DCSIMG

Domestic abuse crackdown in South Yorkshire

Warning: Campaign poster.

Warning: Campaign poster.

EXTRA drinks during New Year celebrations are no excuse for domestic violence, police have warned.

At this time of year police usually see an increase in reported incidents of domestic abuse and violence, but the message from South Yorkshire Police is that domestic abuse is not acceptable, and there are dedicated officers and resources in place to ensure all incidents are investigated vigorously.

Domestic abuse can be physical, emotional, psychological, financial or sexual, and includes the threat of abuse as well as actual acts.

Supt Peter Norman, of South Yorkshire Police, said: “The pressures of family life, debt, work or unemployment worries and the added increase in people’s alcohol consumption over the New Year period can put added strain on relationships.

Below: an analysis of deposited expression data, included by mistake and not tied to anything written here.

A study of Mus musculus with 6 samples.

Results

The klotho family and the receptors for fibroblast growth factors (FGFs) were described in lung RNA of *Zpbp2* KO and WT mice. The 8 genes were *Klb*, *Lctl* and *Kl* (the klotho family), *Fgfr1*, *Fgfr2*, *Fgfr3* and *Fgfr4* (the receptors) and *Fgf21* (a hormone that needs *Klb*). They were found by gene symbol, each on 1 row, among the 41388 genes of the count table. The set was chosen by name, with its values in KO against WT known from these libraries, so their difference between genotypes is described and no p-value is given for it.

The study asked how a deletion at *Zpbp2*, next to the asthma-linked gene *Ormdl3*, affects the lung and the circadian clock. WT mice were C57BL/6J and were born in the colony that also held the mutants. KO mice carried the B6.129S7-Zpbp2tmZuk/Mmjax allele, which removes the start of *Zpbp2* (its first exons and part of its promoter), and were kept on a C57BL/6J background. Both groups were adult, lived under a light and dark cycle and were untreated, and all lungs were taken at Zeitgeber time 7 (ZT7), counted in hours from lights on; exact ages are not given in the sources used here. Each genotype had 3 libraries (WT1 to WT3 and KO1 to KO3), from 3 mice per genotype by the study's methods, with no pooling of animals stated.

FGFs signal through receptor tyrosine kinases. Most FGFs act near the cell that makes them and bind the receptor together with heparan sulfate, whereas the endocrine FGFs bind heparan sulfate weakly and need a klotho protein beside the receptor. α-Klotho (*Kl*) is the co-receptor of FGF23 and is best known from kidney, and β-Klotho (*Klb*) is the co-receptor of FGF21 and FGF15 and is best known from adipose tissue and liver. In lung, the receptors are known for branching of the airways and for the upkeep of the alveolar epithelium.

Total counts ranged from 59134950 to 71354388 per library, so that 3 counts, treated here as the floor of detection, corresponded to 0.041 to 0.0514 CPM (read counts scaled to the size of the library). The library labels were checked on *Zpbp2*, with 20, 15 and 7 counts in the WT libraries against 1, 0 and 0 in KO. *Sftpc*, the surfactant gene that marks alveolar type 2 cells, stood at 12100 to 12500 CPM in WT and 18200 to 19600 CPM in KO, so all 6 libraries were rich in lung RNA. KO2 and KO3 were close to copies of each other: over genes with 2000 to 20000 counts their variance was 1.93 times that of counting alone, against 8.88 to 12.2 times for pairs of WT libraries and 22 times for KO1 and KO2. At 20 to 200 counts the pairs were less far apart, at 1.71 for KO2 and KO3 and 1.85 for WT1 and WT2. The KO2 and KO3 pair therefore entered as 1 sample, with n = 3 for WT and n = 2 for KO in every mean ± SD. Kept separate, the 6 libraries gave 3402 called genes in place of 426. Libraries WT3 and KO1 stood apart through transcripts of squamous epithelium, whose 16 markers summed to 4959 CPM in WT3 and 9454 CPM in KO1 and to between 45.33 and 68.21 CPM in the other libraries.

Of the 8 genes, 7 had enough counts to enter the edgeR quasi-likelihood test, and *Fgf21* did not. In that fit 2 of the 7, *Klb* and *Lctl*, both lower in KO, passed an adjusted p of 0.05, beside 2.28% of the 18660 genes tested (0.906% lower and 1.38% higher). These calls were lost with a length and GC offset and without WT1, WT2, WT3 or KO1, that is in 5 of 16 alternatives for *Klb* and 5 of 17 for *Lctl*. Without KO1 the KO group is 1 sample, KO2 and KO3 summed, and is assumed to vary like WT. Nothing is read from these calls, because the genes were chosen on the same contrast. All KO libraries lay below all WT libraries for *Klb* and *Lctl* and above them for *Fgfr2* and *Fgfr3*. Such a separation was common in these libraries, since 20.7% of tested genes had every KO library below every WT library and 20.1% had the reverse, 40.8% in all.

“However, there is no excuse for domestic abuse - many people have to cope with these pressures and don’t assault their partners, and no-one should have to live in fear.

“We want victims to report such cases to us, as soon as possible, no matter what time of the day or night.”

He told victims directly: “Do not suffer in silence, do not become a repeat victim. We will work with our partner agencies to keep you safe, and support you in whatever way you need.”
He also warned: “With fewer courts operating over the festive period, offenders could find themselves facing a very bleak New Year in a cell as they wait for a hearing.”

The Mayor of Doncaster, Peter Davies, added: “Domestic abuse is not tolerated at any time of year and is a priority for the council and our partners because of the harm it causes. Our latest figures show more and more people are having confidence to come forward and report incidents, and we want to be sure that people know they can still seek help at any point over the festive period when sadly cases of domestic abuse increase.”

Domestic abuse currently accounts for 18 per cent of violent crime and has more repeat victims than any other.

Call 999 in an emergency and 101 if not at immediate risk.